A new resolution on Combating desertification, land degradation and drought and promoting sustainable pastoralism and rangelands was presented and adopted at the second session of the United Nations Environment Assembly (UNEA-2) held 23–27 May 2016 at the United Nations Environment Programme (UNEP), in Nairobi, Kenya.
At a UNEA-2 side event on sustainable pastoralism, high-level discussions among key players in the livestock sector highlighted pastoralism’s ability to promote healthy ecosystems in the face of climate change, showing that common pastures are potential reservoirs of greenhouse gases.
Kicking off the side event, the deputy executive director of UNEP and assistant secretary-general of the United Nations, Ibrahim Thiaw, reminded participants that ten years ago, myths and misconceptions surrounding pastoralism were already being strongly debunked—particularly those portraying it as ‘primitive, unproductive and environmentally destructive’.
Research showing that pastoralism promotes healthy productive ecosystems continues to be largely ignored, underexploited or misunderstood.
The side event was spearheaded by UNEP, the Food and Agriculture Organization of the United Nations (FAO), the International Livestock Research Institute (ILRI) and other collaborators.
UNEA’s then president and minister for environment and green development in Mongolia, Oyuna Sanjasuren, argued that pastoralism plays a key role in protecting ecosystems but must be managed well to be sustainable.
Ethiopia’s minister for environment, forests and climate change, Shiferaw Teklemariam, said that to achieve the United Nations 2030 and Africa 2063 agendas, pastoralist issues must be addressed and with a unified voice. Such issues include policies to protect pastoralists, increased investment in drylands, improved pastoralist access to markets and incentives for pastoral environmental stewardship.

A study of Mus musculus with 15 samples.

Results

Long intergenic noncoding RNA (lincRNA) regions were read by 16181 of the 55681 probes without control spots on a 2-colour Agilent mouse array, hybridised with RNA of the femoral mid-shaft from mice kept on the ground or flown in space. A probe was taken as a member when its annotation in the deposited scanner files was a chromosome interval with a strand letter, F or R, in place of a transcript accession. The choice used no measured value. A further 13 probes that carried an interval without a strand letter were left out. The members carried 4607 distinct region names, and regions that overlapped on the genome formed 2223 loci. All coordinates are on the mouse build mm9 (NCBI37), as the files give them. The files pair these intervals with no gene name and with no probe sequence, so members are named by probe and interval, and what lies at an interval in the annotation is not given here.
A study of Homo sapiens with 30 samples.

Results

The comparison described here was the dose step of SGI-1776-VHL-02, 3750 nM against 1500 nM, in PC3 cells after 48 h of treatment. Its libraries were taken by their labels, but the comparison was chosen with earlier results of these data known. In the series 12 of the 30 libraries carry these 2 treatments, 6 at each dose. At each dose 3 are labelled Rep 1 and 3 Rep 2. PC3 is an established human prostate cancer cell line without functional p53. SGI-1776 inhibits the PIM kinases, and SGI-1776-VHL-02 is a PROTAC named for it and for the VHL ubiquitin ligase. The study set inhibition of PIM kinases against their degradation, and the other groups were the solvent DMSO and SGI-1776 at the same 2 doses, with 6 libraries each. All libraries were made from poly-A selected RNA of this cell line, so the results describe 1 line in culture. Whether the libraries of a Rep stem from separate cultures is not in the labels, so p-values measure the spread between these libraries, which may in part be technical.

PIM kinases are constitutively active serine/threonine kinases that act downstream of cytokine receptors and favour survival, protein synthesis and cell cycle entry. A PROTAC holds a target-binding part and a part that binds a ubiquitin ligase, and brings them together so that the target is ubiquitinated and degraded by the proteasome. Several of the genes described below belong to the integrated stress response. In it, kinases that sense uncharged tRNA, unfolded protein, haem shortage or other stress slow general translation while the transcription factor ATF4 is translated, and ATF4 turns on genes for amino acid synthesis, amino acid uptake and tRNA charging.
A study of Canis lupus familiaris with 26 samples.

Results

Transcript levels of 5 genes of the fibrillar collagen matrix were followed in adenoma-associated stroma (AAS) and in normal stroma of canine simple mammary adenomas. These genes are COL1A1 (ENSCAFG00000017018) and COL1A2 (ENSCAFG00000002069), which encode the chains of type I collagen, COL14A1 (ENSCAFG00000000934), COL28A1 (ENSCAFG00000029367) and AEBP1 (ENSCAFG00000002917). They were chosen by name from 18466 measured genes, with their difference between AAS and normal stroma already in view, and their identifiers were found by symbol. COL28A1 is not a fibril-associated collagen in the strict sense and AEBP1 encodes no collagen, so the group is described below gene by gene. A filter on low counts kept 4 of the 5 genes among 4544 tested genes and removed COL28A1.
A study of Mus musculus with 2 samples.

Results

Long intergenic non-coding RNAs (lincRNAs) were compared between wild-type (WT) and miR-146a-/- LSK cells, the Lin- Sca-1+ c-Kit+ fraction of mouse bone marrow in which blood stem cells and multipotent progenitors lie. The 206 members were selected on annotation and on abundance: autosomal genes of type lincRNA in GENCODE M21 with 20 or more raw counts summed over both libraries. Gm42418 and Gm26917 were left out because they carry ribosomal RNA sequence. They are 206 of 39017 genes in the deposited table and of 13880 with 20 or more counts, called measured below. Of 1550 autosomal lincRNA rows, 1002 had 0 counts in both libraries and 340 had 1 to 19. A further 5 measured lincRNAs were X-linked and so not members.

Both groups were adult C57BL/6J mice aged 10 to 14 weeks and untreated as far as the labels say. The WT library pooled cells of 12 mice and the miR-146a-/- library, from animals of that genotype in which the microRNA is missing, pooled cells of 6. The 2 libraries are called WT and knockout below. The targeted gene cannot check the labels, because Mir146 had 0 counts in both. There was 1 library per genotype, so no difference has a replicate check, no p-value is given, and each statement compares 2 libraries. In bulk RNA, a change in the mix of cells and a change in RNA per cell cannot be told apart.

Land tenure for pastoralists: how best to achieve?
Lack of land rights is a huge challenge for pastoralists, posing big threats to pastoral sustainability and viability. This is recognized in the UN’s recently adopted Sustainable Development Goals (SDGs #1, 2 and 5).
ILRI conducts research on pastoral and agro-pastoral dryland environments, investigating such issues as institutional and governance approaches to promoting participatory land-use planning and land tenure systems. In addition, ILRI works to promote sustainable use of rangelands and to improve livestock-based livelihoods. Together with its Kenyan NGO partner RECONCILE (Resource Conflict Institute), ILRI coordinates and supports the Global Rangelands Initiative of the International Land Coalition (ILC). The initiative, established in 2010, supports governments and members of the ILC in Africa, Asia and Latin America to develop and implement enabling policies and legislation for more tenure-secure rangelands.
Abdelkader Bensada, an officer responsible for UNEP’s work on sustainable pastoralism and rangeland conservation and UNEP’s focal point for the International Land Coalition, talks with Fiona Flintan, a rangelands governance scientist on joint appointment with ILRI and the International Land Coalition, at the rangelands side event at UNEA-2 (Global Rangelands Initiative) (photo credit: ILRI/Dorine Odongo).
Pushing the sustainable pastoralism agenda higher
A coalition of international organizations working on livestock and environment issues, in addition to several African governments, led by Ethiopia, Namibia and Sudan, fronted the resolution for adoption by UNEA 2, and in so doing managed to push sustainable pastoralism and rangelands higher up the international development agenda. The passing of this resolution was the latest example of the importance people are placing on SDG 15, ‘Sustainably manage forests, combat desertification, halt and reverse land degradation, halt biodiversity loss’, and of the need for multilateral environmental agencies to cooperate and collaborate.
This move has provided much-needed impetus for investing in pastoralism in order to optimize and realize its full potential and comparative advantage as a livelihood system, particularly suitable for coping with climatic variability and change.